Recently, Sonatype and Reversing Labs analyzed the fraudulent PyPI package ‘VMConnect,’ developed to imitate the authentic VMware vSphere connector module closely, ‘vConnector,’ but actually contains a malicious code.
24 malicious packages imitating three well-known open source Python tools were discovered by ReversingLabs researchers. These tools are vConnector, a wrapper module for the pyVmomi VMware vSphere bindings, eth-tester, a set of tools for testing Ethereum-based applications, and databases, a tool that provides asyncro support for a number of databases.
The campaign started on or about July 28, 2023, when the first of the malicious packages was released, according to the research team’s observations. Even now, new malicious PyPI packages are still being published every day as older ones are found and taken down.
Analysis of the campaign:
The VMConnect campaign is the most recent instance of malware spreading through open source modules, providing additional evidence that security checks of open source code repositories may not catch these sophisticated attacks.
The __init__.py file for VMConnect contains code that may start a process, decode data with the Base64 method, and transform binary data to a string representation—behaviors frequently employed in obfuscation. The combination of actions led to the first identification and inspired more research.
The existence of malicious functionality inside the package was established by an in-depth review of the __init__.py file. That process began with the Base64-encoded string, which was then decoded and carried out by a different process.
Execution of Base64 encoded string inside the __init__.py file (Source: Reversing labs)
An endless execution loop that contacts the command and control (C2) server and tries to download a new Base64-encoded string with more commands is present in the decoded and executed Base64 string. If it is successful, the code executes and the loop is repeated. After a predetermined sleep time, the infected host queries the C2 server for new commands.
A developer going by Hushki Manager published the VMConnect package on July 28th; this PyPI account was created only for the purpose of publishing the VMConnect package. Despite this, the actor made a big effort to make the look seem genuine. For instance, it contains a description that appears to be real and matches the functionality offered by the program.
The attackers in this campaign, however, used a more systematic strategy. The attackers correctly placed links to a Github source code repository that was created by the same author on the same day in addition to utilizing the description from the real packages. The Github project page appears legitimate; it has multiple commits, a description that matches the PyPI page, and no files that stand out as immediately suspect.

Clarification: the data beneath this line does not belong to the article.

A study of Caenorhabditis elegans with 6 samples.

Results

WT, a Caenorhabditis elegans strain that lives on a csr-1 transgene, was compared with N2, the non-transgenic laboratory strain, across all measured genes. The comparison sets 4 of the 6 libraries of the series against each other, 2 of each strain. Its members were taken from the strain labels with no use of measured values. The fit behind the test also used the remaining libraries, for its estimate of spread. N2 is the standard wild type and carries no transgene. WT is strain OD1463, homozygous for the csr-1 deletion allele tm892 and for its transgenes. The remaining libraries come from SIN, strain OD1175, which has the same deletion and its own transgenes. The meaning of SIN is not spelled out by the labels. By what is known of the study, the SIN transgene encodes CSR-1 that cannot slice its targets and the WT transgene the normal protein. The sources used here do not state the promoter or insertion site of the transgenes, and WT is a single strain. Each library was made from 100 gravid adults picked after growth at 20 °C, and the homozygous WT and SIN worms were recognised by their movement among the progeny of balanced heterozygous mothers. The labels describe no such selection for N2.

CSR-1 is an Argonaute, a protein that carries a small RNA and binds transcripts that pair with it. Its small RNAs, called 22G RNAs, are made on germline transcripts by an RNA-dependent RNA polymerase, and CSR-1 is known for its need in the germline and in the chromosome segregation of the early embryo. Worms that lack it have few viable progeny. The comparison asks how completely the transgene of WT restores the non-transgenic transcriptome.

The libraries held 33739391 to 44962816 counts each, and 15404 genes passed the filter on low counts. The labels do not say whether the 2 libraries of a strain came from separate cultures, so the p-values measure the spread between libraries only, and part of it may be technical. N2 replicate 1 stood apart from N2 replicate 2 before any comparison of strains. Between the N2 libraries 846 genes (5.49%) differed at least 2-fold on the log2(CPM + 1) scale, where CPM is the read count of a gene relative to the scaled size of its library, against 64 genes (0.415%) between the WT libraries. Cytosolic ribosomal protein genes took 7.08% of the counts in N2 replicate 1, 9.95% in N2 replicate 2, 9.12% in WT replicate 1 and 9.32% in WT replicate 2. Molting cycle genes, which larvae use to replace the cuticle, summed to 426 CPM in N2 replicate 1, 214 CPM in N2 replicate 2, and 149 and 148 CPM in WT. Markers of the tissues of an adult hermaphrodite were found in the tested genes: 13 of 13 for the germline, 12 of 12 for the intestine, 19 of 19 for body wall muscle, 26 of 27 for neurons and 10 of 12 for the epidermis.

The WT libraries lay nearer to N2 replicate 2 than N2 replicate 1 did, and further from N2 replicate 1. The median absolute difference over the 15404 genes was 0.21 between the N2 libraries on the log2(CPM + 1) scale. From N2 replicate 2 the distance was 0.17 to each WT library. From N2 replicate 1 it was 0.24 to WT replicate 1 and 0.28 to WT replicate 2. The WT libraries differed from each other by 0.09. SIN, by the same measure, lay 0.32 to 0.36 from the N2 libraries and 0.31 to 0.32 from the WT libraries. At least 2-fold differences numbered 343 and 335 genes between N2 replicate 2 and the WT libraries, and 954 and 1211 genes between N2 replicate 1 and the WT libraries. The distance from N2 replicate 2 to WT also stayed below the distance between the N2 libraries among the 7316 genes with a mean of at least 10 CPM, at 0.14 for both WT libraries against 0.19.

Github description of the malicious VMConnect project.
Github description of the legitimate vConnector project.
The ReversingLabs research team analyzed the malware samples found as part of this expanded VMConnect campaign in an effort to better understand the campaign’s origins and to connect it to other well-known malware efforts. During the investigation, the team discovered hints that led to the Lazarus outfit, a North Korean advanced persistent threat (APT) outfit that has been connected to a number of sophisticated operations.
Researchers uncovered a package called py_QRcode that contains a builder.py file with malicious functionality that is quite similar to that found in the VMConnect package by experimenting with various threat hunting YARA rules based on the samples gathered in the most recent campaign.
Figures 6 and 7 show highlighted similarities in the code responsible for the decryption of payload, which, in both cases, is executed with a call to subprocess the Popen function.
The lesson here is that release packages can—and often do—contain harmful functionality that isn’t seen in open source repositories and can’t, therefore, be found using manual source code reviews or source code scanning alone. To protect themselves from supply chain attacks like this VMConnect PyPI campaign, these teams want a way to identify suspicious material in the final release packages themselves.